How To Sit With A Dying Person

How To Sit With A Dying Person


I remembered her aunt: her long, brittle brown hair; the meekness of her personality; the kind look she’d exchange before ducking into her trailer in the backyard for long stretches of time.

My friend’s mom got the call. Before I could figure out what to say to my best friend, I was in the car with her family, going to the hospital. I sat in the back and stole secret glances at each of their faces. My friend stared out the window. She was more like my sister. We told each other everything, yet now I had no clue what to say. I couldn’t even reach out and touch her arm. Stuck.

The rest of that afternoon is a haze to me now. Over a decade later, I’ve realized I still haven’t found the right words. This writing is more me asking the universe, and all of you in it: What can you say to someone who’s dying, or dealing with a death?

I was speechless again today. It was four o’ clock and the woman I care for (I take her to doctors appointments, errands, etc.) got a call. A smooth British voice poured over the voicemail. It sounded like someone you’d hear in a movie or on the news.

“So and so is very sick. Call me if you want to know more. 9-2-5 — ”

We both knew what was meant: Go now if you can. She didn't have to say it.

We walked into a small, dark home a few blocks away. My naturally cheery disposition melted instantly into a combination of sullen glances and staring at the floor as I handed them the candy we brought. Two other women about the same age as the one I care for (over 70) and a young man (must be her son, I thought) were sitting by a swollen woman sleeping in a hospital bed in the living room. A nurse with dark chocolate skin — a contrast to all the pale people in the room — sat listlessly in a rocking chair by the door. She looked at the T.V., which was playing classical music and rotating “Did you know…?” questions about Bach and Mozart. She was with hospice.

The woman I care for — let’s call her Joan — nearly changed her mind about coming here, twice in the five minute drive.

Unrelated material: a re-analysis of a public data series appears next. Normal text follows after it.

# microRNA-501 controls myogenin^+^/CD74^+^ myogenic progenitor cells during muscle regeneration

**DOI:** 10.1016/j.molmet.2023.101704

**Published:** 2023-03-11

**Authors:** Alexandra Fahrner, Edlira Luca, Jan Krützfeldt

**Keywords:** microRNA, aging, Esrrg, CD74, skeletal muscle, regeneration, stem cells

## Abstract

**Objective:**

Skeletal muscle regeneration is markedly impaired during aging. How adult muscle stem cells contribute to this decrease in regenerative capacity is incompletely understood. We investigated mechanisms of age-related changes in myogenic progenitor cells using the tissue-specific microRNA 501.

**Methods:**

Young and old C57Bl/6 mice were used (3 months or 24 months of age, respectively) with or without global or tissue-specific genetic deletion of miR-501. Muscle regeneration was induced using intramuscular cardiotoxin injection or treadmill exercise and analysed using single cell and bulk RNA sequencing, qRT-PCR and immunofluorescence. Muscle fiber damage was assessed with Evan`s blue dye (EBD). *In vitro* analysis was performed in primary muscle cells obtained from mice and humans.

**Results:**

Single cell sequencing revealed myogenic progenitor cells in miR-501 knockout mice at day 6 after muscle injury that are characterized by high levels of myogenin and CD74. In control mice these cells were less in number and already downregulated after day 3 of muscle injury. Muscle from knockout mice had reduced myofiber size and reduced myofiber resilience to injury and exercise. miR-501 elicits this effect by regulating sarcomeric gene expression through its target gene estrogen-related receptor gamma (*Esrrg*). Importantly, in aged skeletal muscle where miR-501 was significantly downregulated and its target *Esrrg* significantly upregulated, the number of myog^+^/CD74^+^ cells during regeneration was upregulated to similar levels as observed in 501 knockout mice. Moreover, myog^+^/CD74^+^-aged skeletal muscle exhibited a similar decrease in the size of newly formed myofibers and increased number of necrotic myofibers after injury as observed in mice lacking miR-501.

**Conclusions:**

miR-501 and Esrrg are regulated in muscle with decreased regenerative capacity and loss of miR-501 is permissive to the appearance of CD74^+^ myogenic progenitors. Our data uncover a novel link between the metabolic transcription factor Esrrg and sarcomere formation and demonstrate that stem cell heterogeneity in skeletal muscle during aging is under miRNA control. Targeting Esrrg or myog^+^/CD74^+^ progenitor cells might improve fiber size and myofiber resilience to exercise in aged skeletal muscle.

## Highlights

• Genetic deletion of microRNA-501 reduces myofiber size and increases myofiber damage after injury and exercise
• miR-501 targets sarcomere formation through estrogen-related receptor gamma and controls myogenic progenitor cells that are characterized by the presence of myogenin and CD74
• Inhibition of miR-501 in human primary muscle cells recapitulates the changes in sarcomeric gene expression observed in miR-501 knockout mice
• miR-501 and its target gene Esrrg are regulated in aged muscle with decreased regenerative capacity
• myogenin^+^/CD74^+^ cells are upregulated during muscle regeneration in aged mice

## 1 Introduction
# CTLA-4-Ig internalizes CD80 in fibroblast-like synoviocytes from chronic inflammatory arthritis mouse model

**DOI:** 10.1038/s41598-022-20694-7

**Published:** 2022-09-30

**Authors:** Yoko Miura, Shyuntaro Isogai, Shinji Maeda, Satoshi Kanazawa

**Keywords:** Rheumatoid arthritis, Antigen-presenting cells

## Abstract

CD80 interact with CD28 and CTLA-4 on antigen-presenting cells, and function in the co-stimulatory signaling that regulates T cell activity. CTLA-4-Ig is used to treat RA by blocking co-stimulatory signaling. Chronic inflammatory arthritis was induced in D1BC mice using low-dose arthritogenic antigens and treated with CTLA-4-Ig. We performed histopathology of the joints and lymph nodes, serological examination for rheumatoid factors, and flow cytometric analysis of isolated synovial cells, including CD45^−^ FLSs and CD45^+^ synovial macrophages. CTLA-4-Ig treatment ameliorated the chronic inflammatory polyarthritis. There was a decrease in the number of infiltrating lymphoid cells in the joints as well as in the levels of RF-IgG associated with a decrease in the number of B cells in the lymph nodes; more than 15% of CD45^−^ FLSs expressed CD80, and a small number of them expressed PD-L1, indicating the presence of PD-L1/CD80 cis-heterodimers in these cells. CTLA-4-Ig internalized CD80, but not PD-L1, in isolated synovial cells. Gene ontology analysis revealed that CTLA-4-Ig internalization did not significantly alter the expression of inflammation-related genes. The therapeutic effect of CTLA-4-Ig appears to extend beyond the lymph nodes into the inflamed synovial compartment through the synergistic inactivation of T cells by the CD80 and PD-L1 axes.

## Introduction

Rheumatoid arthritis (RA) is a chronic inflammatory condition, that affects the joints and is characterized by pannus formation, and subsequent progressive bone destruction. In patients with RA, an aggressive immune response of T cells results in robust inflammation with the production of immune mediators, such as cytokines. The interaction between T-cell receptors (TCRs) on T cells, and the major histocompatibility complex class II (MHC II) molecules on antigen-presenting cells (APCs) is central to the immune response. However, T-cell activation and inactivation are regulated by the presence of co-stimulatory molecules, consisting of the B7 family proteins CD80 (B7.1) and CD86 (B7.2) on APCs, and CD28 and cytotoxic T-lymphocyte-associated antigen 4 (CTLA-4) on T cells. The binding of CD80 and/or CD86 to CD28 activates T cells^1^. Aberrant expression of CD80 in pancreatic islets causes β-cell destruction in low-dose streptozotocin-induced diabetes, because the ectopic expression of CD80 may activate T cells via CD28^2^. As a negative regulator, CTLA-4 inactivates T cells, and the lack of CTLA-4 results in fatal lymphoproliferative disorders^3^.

“I don’t know what to say,” she kept panicking.

I tried showing her a Ram Dass video on death, but that didn’t work. I tried telling her there’s nothing you really can say, just showing up is important.But I knew that was a cop-out. Deep down, maybe there’s only really one thing to say: don’t be scared.

Wouldn’t it sound absurd, though, coming from me? How can a 24-year-old claim to a 75-year-old person that she knows anything about death? Seeing what people go through at that age, I wonder if I’ll be able to walk the talk once I get there… if I’m lucky enough to get there.

I’ve had friends my own age face mortality too. That best friend I told you about earlier? She has stage four cancer now. There is no stage five. And most days, I have no idea what to say.

To tell my close friends and even strangers not to be afraid of death doesn’t feel like it will do any good. It doesn’t feel like my place. But I believe we as a society must grapple with our fear of the end of our time on this planet and make peace with it. Why did we come to want so much anyway? Why can’t we be happy with what we’ve had?

In the past, only religion has managed to calm the panic of infinite egos facing their finite reality. With the promise of everlasting peace, some people can handle death and, as they say in The Handmaid’s Tale, “go with grace.” But like Christopher Hitchens, I’m not the type of athiest who wishes they could believe those fairytales but simply can’t. I think the belief in an everlasting ego or heaven is part of our problem. It’s why we haven’t faced this question of what to say. Religion, or some form of fairytale, has always filled the void.

Zen Buddhism shows promise in this realm. Its wisdom doesn’t necessitate the belief in a higher power — no sky fairies needed. Ram Dass, a rockstar in Zen circles, offers insight on the topic. I couldn’t find it in the nick of time for Joan. But maybe it will help you now.

How To Sit With A Dying Person — Ram Dass Style

  1. This is their death. Not yours.

  2. Love them.

  3. Be a rock for them to lean against, a loving rock.

  4. Don’t pity them or be emotional.

I couldn't help but notice Joan as she sat with her friend, who was falling in and out of consciousness, interluding with death. Joan looked over to her friend’s husband as said, “It’s so terrible. I just can’t remember her this way.”

I couldn't help but cringe on the inside as I sat just behind the two of them. As hard as Joan was trying, her inability to withstand the profound silence of the moment threw her into breaking the fourth rule. She was being emotional, and not so much pitying the dying woman as she was pitying herself, reminding me of rule number one: It’s their death. Not yours. What Dass means is don’t try control things so much, to make things turn out how you would like them. Just let them be, love the person with all your soul, and let them die in peace.

Have a rule to add or want to amend? Leave a comment below.